Week 162: Dutch oven
I keep returning to the New York Times no-knead bread recipe. Not because I don’t like kneading – I actually miss the magical joy of turning a sticky mess into something workable – but because I like the results it gives, a really pleasing texture. The recipe calls for a Dutch oven, which here means a casserole dish but can also mean the result of farting in bed. I have neither, just a loaf tin, which this week I didn’t grease properly, and a quirk of the “oven spring” meant the loaf sprouted a protruding bulge at one end, like it had grown a head like a Colin the Caterpillar cake. But “pics or it didn’t happen”, and inexplicably I didn’t take any, so
Voted by post, cos I’ll be out on the day of the day of the election, and it’s so important to have your say about bin collections. Just about managed to follow the instructions, tearing some paper along a dotted line, placing one half in an envelope that goes in another envelope with the other half. There’s a risk that my vote is rejected because my signature’s slightly too different to the one on the postal vote application form – there’s a growing problem, which I last encountered at the driving theory test centre, of young people these days not having consistent signatures.
Bought some shoes from the European Union, and there were some customs charges to pay. No sympathy expected – it’s up there with how it’s harder to take your dog skiing these days.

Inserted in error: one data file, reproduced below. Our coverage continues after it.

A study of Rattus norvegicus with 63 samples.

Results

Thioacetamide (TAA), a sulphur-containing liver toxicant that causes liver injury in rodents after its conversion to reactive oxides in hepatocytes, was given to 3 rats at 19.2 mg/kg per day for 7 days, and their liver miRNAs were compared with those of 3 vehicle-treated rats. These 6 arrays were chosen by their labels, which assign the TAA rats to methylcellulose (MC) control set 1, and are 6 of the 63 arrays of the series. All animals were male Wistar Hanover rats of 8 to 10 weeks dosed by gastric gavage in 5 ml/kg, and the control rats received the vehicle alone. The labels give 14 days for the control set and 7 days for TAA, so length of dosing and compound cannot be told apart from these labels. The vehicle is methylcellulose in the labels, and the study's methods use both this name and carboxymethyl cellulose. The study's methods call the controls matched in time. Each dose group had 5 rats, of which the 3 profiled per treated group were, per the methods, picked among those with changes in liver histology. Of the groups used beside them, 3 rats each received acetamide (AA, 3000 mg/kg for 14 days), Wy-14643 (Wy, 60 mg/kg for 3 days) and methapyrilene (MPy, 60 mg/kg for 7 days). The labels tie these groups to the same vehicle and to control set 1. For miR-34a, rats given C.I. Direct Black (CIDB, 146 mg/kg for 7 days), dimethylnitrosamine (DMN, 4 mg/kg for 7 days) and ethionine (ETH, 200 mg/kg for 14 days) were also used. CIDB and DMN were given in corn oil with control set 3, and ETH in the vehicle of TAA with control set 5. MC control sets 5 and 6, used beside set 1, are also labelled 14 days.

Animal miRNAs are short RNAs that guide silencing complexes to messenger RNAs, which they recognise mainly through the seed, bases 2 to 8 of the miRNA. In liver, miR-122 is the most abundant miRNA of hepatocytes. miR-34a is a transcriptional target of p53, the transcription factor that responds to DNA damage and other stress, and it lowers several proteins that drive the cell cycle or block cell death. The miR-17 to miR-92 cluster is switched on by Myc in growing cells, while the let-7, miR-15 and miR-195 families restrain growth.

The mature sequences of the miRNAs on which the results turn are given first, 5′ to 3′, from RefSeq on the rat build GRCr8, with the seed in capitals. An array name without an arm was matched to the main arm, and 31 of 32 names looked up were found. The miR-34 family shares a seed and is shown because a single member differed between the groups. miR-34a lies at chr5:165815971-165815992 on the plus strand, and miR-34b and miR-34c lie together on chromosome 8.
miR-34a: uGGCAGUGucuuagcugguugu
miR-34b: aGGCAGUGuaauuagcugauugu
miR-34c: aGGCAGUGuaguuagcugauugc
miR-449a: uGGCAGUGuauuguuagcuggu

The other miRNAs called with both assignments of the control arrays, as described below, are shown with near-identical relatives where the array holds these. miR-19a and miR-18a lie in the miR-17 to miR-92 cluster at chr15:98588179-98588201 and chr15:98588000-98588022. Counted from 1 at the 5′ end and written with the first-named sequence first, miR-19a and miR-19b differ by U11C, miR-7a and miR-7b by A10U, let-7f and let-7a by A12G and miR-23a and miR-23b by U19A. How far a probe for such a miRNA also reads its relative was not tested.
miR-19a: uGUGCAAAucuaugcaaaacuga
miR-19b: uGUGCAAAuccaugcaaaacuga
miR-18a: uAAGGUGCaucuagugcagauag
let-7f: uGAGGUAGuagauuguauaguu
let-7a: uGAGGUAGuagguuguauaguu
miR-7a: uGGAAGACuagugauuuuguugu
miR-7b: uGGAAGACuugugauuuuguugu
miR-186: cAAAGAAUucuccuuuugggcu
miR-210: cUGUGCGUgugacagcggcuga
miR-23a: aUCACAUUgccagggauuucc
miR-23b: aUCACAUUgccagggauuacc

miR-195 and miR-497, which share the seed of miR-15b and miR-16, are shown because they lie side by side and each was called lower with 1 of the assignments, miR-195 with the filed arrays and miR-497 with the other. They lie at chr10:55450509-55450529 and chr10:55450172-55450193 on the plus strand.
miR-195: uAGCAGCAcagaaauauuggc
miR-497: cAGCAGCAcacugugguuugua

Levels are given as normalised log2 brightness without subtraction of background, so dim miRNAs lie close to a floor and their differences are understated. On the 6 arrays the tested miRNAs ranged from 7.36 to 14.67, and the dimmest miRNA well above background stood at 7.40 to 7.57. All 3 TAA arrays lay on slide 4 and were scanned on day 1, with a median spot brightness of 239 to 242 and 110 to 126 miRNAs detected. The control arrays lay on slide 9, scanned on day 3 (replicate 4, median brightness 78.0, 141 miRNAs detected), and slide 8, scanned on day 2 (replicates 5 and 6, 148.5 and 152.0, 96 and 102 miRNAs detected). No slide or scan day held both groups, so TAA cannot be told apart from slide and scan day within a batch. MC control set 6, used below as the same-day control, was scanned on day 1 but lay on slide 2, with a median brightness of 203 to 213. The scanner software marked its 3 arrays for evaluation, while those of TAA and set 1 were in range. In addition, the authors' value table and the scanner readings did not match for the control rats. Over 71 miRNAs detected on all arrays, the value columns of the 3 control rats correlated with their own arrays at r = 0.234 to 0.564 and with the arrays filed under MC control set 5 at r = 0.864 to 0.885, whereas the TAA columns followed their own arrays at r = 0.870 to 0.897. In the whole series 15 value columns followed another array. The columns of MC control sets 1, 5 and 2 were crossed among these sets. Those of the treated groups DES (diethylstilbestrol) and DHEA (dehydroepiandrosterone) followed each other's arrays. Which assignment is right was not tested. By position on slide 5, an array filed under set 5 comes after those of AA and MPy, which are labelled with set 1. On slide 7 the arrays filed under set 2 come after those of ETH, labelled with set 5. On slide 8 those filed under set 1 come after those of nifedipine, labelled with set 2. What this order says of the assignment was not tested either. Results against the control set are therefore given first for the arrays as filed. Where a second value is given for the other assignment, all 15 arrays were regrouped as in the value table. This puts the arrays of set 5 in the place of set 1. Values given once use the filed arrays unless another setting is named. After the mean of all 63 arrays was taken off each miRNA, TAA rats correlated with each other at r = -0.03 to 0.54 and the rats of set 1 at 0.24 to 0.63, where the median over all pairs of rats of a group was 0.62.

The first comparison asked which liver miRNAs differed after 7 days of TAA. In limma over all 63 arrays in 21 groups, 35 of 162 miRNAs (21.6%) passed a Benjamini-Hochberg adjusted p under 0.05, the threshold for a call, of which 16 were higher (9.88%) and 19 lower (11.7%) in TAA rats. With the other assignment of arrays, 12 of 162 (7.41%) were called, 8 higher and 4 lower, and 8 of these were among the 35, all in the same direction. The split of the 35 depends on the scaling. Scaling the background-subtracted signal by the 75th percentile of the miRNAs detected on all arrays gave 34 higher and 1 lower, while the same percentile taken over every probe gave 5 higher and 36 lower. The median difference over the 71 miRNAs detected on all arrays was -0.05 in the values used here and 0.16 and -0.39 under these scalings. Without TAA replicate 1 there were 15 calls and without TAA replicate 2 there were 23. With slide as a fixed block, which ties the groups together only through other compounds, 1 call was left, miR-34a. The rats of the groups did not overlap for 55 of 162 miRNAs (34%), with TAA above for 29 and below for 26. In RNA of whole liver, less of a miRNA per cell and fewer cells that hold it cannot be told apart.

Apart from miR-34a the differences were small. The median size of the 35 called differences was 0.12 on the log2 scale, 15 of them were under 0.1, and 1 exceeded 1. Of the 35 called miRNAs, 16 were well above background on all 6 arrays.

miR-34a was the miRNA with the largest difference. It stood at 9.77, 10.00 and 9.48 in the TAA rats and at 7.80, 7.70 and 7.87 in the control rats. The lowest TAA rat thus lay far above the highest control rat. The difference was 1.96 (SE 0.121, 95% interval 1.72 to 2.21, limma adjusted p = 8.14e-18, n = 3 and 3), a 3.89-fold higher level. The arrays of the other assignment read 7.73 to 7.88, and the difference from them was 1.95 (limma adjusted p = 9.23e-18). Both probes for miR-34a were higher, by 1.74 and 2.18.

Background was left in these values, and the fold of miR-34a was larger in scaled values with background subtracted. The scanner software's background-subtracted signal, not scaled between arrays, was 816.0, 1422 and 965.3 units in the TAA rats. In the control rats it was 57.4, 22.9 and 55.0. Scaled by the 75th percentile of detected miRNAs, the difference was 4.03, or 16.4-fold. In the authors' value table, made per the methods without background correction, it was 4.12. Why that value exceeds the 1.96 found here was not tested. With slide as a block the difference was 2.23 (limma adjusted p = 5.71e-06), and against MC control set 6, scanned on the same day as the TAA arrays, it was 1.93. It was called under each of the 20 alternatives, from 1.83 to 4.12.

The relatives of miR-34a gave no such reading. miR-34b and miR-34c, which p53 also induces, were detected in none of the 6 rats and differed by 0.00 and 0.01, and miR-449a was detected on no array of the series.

The Parcelforce website asked for a “payment reference number”, but of course the letter they sent only gave a “tracking reference” and a “parcel reference”. Turned out it wanted the parcel reference after all … so why not say so?
And the bank I bank with offered to let me pay the charges in instalments … which is fair enough, and in less lucky circumstances I might have taken them up on the offer, but my point is how 2022 it is.
The shoes are great, thank you.
🎦 Operation Mincemeat was merely OK. I was tired, and it was sunny outside, so I should have just had a nap in a park instead.
The Worst Person in the World – better. Watch out for the discussion of car parking arrangements in Oslo.
The Thief, His Wife and the Canoe was OK – an ITV drama, you know, but it’s a heartwarming true story about a landlord (12 rental properties) falling on hard times. Someone uses a search engine called “Bong” on a period-appropriate Windows laptop, and there’s a fictional insurance company called “Mutual Assured”.
(Oh the adverts on ITV. Bemused at Jamie Redknapp saying “plus, they’re machine washable”, and unaccountably enranged by the smug Hugh Fearnley-Whittingstall–sounding voiceover advertising poncey settees.)
To a room above a backstreet pizzeria to see Liz Lawrence – a small joy.
Down by the river, it doesn’t take much sunshine for folks to lay about the goose shit–smeared grass and enjoy some rosé, which is almost enough to make you feel “proud to be British”. As I walked along, some flat-capped costermongers crossed a bridge ahead of me, and one shouted something something tits at the prone rosé enjoyers, which seemed a bit rude. Was this catcalling that I’d witnessed? As I disappeared under the bridge, I muttered STFU, too quietly to be heard, a weak attempt at allyship.
But when I passed by a bit later, the tits shouters had joined the winebibbers on the riverbank, and a bit like in a thought-provoking advert for a broadsheet newspaper, all was not as it had seemed. They were just normal men, they were just innocent men.